During October 2010, the Israeli District Liaison Office (DCL) processed 976 patient applications for permits to cross Erez checkpoint to access hospitals in East Jerusalem, the West Bank, Israel, and Jordan (see Table 1 below). This is the highest number since June when 1,090 applications were processed.
On the other hand, the number of delayed cases was the third highest this year. 26.6% of all applications were delayed, which is almost double the September rate of 12.8% (see Figure 1 below).
Out of the 211 delayed patients, 6 (0.6%) were called for interview with the Israeli Intelligence Services, known as General Security Services (GSS).
Delayed patients generally miss their hospital appointments. In most cases they have to seek new appointments and submit new applications for a permit to cross Erez. Delays in processing applications can be critical for patients who are waiting for urgent medical treatment. Some may die while waiting for permission to access the medical facility they have been referred to.
This was the case in October for a two-year-old girl (see “Death of Nismah Najiy Abu Lasheen” below). Since the beginning of the year 2009 a total of 33 patients have died before being able to access the hospital they had been referred to.
During October 2010, the Referral Abroad Department (RAD) of the Palestinian Ministry of Health (MoH) approved and issued 1,728 referral documents. RAD found that 620 of these referred patients were able to receive appropriate medical treatment within the Gaza Strip, in either NGO or private hospitals.
The remaining 1,108 patients had to leave Gaza in order to be treated in hospitals in Egypt (44.8%), East Jerusalem (25.7%), Israel (17.1%), the West Bank (10.3%) and Jordan (2.2%). Referrals to Egypt have remained high ever since the Rafah border crossing was reopened in June 2010 (see Figure 2 below).
The main reasons for referrals were: cardiovascular i.e. heart diseases (22.2%), ophthalmology i.e. eye conditions (8.5%), oncology i.e. cancer (6.9%), orthopedics (6.4%) and neurosurgery (5.6%)1. These health conditions account for 49.6% of all referrals.
According to the Palestinian Liaison Officer at Erez, 709 patients crossed Erez during October 20102. 48 of these patients needed to be transported by ambulance. Because Palestinian ambulances are not permitted to leave Gaza, they were transferred from one ambulance to another (back-to-back). This compares to 519 patients, including 36 via back-to-back ambulances, in September.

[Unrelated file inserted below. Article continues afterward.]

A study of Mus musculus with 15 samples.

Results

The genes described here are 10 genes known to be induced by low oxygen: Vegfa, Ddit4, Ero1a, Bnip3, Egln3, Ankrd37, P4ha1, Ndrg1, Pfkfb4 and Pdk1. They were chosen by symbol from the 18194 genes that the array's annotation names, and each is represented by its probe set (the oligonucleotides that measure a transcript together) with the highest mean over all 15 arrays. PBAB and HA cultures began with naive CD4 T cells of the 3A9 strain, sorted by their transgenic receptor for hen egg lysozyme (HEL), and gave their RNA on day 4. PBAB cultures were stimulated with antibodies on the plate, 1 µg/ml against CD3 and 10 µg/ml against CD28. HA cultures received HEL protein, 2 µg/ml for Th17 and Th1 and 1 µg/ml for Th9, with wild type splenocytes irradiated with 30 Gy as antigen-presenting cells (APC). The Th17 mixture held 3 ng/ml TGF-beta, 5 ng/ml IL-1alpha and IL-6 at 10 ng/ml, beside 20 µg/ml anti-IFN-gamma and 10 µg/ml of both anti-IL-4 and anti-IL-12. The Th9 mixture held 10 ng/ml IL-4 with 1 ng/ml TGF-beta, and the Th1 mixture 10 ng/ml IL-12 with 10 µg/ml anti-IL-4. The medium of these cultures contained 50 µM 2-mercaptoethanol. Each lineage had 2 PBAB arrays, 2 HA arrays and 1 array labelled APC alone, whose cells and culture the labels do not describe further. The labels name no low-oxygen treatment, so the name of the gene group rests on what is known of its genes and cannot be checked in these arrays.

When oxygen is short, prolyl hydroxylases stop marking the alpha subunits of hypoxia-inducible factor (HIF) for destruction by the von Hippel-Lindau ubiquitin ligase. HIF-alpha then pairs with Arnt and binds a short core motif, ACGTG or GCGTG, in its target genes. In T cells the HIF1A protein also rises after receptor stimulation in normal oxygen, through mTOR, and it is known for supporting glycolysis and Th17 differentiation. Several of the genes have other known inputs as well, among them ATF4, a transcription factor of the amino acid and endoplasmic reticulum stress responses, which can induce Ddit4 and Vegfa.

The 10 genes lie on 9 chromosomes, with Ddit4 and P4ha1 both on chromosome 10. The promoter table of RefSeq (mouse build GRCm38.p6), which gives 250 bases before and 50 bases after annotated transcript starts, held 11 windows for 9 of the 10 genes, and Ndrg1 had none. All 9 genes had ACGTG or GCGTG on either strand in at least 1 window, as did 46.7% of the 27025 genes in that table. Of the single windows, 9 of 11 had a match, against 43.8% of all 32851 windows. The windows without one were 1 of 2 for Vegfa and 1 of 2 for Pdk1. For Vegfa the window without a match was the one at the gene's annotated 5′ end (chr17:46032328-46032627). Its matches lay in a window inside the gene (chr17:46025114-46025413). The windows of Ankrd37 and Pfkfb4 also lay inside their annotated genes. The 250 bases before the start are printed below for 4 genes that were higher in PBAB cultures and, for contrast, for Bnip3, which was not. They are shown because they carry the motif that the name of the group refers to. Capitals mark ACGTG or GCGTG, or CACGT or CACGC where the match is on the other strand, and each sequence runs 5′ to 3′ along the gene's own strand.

Rafah border crossing remained open throughout October. An estimated 600 patients crossed to access Egyptian hospitals. This includes patients who were seeking medical treatment at their own expense and, therefore, travelled without a RAD referral document.
Death of Nismah Najiy Abu Lasheen (2 years old)
Nismah Najiy Abu Lasheen, born on 8 October 2008, died in Gaza of leukemia on 16 October 2010 while waiting for an urgent referral to a hospital in Israel.
In May 2010 Nismah was referred to Maqassed Hospital in East Jerusalem. The Israeli Authorities refused to allow her father to accompany her so her mother, who was heavily pregnant at the time, went with her instead. Doctors at Maqassed sent Nismah to Augusta Victoria Hospital - also in East Jerusalem - for further diagnosis and treatment. She was sent on from there to Eikhilov Hospital in Israel.
Nismah’s mother gave birth at Eikhilov Hospital. She returned to Gaza when Nismah’s father was able to obtain a permit and replace her at Nismah’s bedside. Once Nismah had undergone a round of treatment at Eikhilov Hospital she and her father returned home to Gaza.
On 7 July 2010, Nismah was referred to Rambam Hospital in Israel for emergency treatment. Her father accompanied her. When the treatment was completed, they returned to Gaza.
On 6 October, an urgent request was yet again submitted to the Israeli Authorities, this time for treatment at Ha-Emek Medical Centre in Afula, Israel. Nismah’s father was due to accompany her. However, no answer to the urgent request was received until 14 October, despite the efforts of the family and the District Liaison Office in Gaza to speed up the process of obtaining a permit. When the permit was finally approved Nismah’s condition had deteriorated to a point where her doctors advised her against travelling.
In the early hours of 16 October 2010, Nismah died.
Limited availability of cancer treatments in Gaza
Nismah’s case illustrates the limited medical treatment available in the Gaza Strip to treat cancer. Each month about 10% of referrals are patients suffering from cancer. Most have to leave Gaza to obtain the necessary treatment.
The health system in Gaza is unable to provide radiation therapy, one of the main methods used to treat cancer. Israel restricts importation of the necessary material to Gaza, some of which is radioactive. Drugs for chemotherapy, the other main cancer treatment, are often out of stock. They are very expensive and not part of the essential drugs list, therefore, they are not regularly provided by the MoH in Ramallah. Furthermore, Israeli restrictions on the movement of people out of Gaza curtail opportunities for medical staff to receive training in specialized fields such as oncology.
Augusta Victoria Hospital in East Jerusalem offers the most advanced care for cancer patients in occupied Palestinian territory. Access to East Jerusalem is, therefore, of utmost importance. Cancer patients referred outside of Gaza are also treated at hospitals in Israel and sometimes in Jordan.